Book traversal links for 1.2.5 Evidence Grading and Formulation of Recommendations
Coordinated action is often enhanced by the provision of a framework that facilitates the implementation of multi-component guidelines. Although recommendations are placed into a framework, no level of evidence is given for use of this framework. Those implementing these guidelines could decide for themselves whether this framework is useful.
While assessment of the quality of evidence is given for all recommendations, this level, as detailed in the explanations in each recommendation table, is derived from evidence assessments found in other guidelines as well as results of the various components of the evidence-gathering process described. For the provision of isoniazid preventive therapy (IPT) for example, systematic reviews were available that determined the efficacy of this measure in preventing TB. The impact of antiretroviral therapy on reduction of TB incidence in HIV positive patients had also already been documented. As provision of these medications should be considered as part of a package of prevention, treatment, care and support for health workers, these are included in these guidelines.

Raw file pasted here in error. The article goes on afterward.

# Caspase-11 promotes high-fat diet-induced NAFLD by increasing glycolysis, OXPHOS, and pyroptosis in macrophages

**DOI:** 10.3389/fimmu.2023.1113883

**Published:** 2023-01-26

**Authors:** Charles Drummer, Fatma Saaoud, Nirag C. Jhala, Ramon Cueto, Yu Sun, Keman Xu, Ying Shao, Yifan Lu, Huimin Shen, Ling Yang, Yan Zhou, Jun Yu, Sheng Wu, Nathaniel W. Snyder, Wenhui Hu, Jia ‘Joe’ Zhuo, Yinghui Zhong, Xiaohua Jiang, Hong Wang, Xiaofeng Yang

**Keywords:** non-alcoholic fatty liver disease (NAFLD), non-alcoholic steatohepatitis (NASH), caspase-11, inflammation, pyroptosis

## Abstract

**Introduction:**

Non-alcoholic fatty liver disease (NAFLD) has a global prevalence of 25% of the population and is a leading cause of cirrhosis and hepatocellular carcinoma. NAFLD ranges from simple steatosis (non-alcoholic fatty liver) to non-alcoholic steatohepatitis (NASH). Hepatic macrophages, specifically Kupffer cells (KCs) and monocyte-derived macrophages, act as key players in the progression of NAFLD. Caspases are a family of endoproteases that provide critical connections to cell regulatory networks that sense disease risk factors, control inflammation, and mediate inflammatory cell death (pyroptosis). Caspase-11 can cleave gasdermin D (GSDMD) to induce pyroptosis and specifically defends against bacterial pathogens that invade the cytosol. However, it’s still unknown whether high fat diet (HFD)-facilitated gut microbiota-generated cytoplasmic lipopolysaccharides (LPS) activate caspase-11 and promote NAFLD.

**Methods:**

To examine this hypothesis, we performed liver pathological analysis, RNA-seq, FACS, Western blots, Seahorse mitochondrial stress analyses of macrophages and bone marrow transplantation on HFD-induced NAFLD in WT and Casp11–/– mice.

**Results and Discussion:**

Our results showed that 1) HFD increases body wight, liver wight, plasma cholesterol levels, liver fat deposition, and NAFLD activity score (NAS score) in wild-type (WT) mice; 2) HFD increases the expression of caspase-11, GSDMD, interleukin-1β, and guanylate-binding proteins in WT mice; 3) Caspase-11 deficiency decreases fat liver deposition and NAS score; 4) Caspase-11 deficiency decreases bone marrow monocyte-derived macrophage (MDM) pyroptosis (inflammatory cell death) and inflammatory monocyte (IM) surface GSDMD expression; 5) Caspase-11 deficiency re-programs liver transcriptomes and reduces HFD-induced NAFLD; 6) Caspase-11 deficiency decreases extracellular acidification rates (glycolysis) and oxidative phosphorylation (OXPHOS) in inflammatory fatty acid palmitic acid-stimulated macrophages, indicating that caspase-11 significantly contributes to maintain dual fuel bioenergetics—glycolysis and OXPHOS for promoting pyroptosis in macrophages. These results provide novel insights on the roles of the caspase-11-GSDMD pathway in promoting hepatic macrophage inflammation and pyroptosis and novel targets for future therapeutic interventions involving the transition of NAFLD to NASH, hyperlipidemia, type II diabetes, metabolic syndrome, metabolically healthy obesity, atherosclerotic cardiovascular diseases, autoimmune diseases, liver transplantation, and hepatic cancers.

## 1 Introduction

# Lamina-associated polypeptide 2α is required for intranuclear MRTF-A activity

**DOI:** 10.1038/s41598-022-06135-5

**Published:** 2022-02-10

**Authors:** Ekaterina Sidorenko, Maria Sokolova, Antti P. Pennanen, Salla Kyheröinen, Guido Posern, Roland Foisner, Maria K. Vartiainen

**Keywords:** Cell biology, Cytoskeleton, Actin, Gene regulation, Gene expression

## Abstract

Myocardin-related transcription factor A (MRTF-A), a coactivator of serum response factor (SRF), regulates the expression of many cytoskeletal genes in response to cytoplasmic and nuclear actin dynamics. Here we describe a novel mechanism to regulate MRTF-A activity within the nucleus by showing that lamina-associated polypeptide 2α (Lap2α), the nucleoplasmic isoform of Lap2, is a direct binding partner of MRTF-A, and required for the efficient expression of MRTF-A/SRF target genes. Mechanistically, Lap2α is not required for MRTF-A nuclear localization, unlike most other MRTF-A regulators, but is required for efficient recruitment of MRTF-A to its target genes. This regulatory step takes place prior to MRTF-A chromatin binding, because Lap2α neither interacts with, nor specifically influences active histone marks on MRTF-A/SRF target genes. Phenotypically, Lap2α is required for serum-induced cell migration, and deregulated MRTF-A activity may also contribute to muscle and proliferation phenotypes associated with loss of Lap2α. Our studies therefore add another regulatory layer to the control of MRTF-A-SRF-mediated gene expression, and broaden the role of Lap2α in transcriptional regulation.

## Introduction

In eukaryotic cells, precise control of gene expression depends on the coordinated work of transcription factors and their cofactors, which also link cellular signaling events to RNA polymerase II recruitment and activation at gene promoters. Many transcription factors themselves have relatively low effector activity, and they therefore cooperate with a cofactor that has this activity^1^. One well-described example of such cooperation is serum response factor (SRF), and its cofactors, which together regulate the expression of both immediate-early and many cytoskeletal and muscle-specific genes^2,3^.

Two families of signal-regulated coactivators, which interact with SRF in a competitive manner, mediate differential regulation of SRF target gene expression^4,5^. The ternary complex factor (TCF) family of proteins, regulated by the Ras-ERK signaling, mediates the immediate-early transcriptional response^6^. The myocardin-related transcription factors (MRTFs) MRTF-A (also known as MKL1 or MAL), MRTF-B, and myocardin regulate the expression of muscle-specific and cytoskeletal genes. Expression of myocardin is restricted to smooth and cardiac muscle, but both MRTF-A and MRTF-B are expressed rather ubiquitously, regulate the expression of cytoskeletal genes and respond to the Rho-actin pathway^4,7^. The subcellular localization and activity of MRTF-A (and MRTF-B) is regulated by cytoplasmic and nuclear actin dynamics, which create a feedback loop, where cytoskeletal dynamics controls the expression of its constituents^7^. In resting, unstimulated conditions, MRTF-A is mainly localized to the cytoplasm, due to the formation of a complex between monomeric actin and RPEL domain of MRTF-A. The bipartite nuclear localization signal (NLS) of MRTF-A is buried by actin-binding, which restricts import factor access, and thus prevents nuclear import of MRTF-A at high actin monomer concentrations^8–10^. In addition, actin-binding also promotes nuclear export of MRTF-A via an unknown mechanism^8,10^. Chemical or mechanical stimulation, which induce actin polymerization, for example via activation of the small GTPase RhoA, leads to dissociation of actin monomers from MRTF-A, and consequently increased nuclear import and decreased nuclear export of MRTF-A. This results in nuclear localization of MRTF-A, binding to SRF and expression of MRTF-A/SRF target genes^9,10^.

All recommendations are graded 'strong', in accordance with the grading recommendations of the WHO Handbook for Guideline Development (2010), that only recognizes two categories; strong and weak, whereby the strength of a recommendation reflects the degree that the desirable effects of a strong adherence to the recommendation outweigh the undesirable effects.
Note that the strength of the recommendations took into consideration not only the quality of evidence as rated in traditional Cochrane-style systematic reviews, but also whether advantages outweighed disadvantages and the strength of the values on which the recommendations were based, as well as cost and feasibility considerations. Values, preferences, and ethical considerations were informed by input from healthcare workers, citizens, clinicians and individuals living with HIV. A 'strong' recommendation is one in which there was a very strong consensus among guideline group members that this recommendation is essential to the achieving of the desired outcomes. The procedure for grading of evidence from the Cochrane-Style Systematic Review is provided elsewhere.